Together, they ring up nearly half-a-trillion dollars worth of sales—that’s more revenue each year than the next top five retailers combined, according to the National Retail Federation.
But one is the king of eCommerce, specializing in crunching consumer data and delivery logistics, while the other is a behemoth in the old world of bricks and mortar transactions, at home with shopping carts and Black Friday super deals.
Yet increasingly, Amazon and Walmart are going neck in neck for customers, each competing for the territory of the other. While Amazon has attempted to cross over into physical world sales, Walmart has invested heavily in its online presence.
Who will win the war for your wallet? We take a deeper look at both businesses, and you decide.
Amazon vs Walmart
Amazon: Jeff Bezos
Walmart: Sam Walton
Amazon: $178 billion
Walmart: $500 billion annually, as of fiscal year 2018
Number of employees:
Walmart: 1.5 million
Who owns what?
In addition to consumer-facing businesses such as Zappos, Twitch, and Whole Foods, Amazon owns a suite of tech businesses including cloud services company Amazon Web Services, membership services division Prime, and consumer electronics such as Alexa and Echo products, Kindle, and Fire.
Amazon also owns other e-commerce companies, including Souq.com, which specializes in retail sales in the Middle East.
Walmart owns numerous other retailers both in the US and around the globe, such as men’s fashion wear company Bonobos, online retailer Jet.com, and the membership-only wholesale warehouse chain Sam’s Club. It also owns e-Commerce company Flipkart, of India.
It also has a toe into the world of streaming media. The company announced plans to get into the binge-watching subscription television space with Vudu, in order to compete with Netflix, Amazon, and Hulu.
Amazon practically invented e-Commerce, and today controls nearly half of all online sales.
Two-thirds of all consumers in the U.S. have bought from Amazon and nearly one-third purchase from it at least once a month, according to reports. With the recent acquisition of the high-end grocery chain Whole Foods, Amazon has also planted a stake in the ground for physical world sales.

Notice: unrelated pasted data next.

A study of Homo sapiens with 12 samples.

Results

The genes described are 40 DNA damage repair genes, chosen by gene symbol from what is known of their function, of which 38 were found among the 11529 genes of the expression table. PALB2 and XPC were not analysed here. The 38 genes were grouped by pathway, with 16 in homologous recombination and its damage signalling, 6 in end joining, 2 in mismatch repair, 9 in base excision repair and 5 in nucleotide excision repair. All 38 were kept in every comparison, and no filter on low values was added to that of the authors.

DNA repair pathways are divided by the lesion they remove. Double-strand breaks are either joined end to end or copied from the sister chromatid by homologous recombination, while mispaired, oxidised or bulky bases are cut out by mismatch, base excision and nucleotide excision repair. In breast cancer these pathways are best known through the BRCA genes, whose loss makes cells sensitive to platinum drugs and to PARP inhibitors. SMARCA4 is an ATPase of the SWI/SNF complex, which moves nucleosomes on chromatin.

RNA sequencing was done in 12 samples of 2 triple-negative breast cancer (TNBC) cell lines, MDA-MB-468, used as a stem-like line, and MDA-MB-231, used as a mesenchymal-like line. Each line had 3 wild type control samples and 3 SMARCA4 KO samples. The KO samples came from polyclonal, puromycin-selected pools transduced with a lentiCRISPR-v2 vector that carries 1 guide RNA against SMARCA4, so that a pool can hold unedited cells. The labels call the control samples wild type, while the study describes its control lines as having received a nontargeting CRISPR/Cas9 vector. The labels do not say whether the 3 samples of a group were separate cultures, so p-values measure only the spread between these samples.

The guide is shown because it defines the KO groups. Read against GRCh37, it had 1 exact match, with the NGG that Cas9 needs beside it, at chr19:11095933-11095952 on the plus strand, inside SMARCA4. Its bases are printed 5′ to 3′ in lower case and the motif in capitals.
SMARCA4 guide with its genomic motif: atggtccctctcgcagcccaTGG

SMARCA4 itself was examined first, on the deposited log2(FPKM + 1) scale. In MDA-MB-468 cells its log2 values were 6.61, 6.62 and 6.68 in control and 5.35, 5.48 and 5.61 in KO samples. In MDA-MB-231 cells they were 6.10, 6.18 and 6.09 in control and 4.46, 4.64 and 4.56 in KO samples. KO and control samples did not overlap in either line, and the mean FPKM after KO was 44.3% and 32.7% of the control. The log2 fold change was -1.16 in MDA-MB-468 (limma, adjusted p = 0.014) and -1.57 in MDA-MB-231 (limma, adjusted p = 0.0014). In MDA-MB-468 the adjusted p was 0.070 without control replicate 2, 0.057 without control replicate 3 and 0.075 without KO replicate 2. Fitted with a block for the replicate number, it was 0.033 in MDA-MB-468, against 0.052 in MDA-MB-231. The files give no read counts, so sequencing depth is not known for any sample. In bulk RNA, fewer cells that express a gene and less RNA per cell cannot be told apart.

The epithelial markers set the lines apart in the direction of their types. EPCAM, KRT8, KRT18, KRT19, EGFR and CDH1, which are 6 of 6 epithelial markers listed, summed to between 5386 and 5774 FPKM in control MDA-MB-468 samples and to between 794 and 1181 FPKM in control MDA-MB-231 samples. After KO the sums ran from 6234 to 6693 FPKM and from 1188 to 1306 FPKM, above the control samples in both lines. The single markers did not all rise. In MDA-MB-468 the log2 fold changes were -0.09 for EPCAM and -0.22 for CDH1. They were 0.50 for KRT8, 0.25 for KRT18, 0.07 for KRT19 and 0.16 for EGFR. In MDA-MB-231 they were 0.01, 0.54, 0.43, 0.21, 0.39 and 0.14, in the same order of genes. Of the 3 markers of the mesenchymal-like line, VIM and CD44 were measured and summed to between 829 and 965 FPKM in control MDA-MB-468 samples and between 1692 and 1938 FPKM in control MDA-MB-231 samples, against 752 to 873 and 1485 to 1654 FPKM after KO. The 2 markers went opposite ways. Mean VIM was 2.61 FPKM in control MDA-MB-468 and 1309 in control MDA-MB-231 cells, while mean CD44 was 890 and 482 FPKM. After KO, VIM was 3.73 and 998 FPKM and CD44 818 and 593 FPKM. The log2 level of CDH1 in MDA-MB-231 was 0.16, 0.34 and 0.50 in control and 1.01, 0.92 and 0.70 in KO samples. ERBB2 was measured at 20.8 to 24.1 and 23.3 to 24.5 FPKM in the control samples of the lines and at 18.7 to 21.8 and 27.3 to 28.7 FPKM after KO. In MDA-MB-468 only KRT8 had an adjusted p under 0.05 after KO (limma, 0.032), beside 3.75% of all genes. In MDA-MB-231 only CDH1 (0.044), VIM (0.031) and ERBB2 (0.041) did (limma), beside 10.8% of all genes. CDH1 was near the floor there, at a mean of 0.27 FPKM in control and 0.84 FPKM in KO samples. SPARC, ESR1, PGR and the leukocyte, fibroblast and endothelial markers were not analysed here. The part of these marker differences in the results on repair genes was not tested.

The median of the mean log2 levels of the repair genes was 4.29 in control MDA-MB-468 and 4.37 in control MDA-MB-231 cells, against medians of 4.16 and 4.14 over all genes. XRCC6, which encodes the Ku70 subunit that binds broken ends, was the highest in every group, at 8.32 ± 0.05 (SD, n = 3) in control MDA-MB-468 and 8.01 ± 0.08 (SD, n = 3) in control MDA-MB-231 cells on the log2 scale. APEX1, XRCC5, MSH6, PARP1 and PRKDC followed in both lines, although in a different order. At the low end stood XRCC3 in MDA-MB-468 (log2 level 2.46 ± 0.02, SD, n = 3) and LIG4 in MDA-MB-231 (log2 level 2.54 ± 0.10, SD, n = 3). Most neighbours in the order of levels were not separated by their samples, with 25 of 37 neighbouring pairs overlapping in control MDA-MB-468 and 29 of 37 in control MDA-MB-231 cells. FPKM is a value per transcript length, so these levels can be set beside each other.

More than a million small businesses today also sell on the Amazon marketplace.
Other online retailers are gunning for its territory.
In 2016, Walmart purchased the online retailer Jet.com, in what analysts said was an attempt to compete directly with Amazon. Overseas, it also faces big competition from companies including e-commerce company Alibaba—which sells to 500 million consumers in China alone.
By sales volume, Walmart is the largest retailer in the nation, and nearly every American has shopped at Walmart, according to industry data. It specializes in the race to the bottom prices, by squeezing suppliers to offer the lowest cost merchandise they can possibly produce.
Every year, more consumers shop online, and Walmart has had to play catch up with its digital sales strategy. Its purchase of Jet.com for $3 billion in 2016, according to experts, demonstrated its intention not to be caught napping.
Meanwhile, Walmart estimates digital sales for the company will increase by 40% in 2018. Smaller superstores such as Costco and Target are nipping at its heels.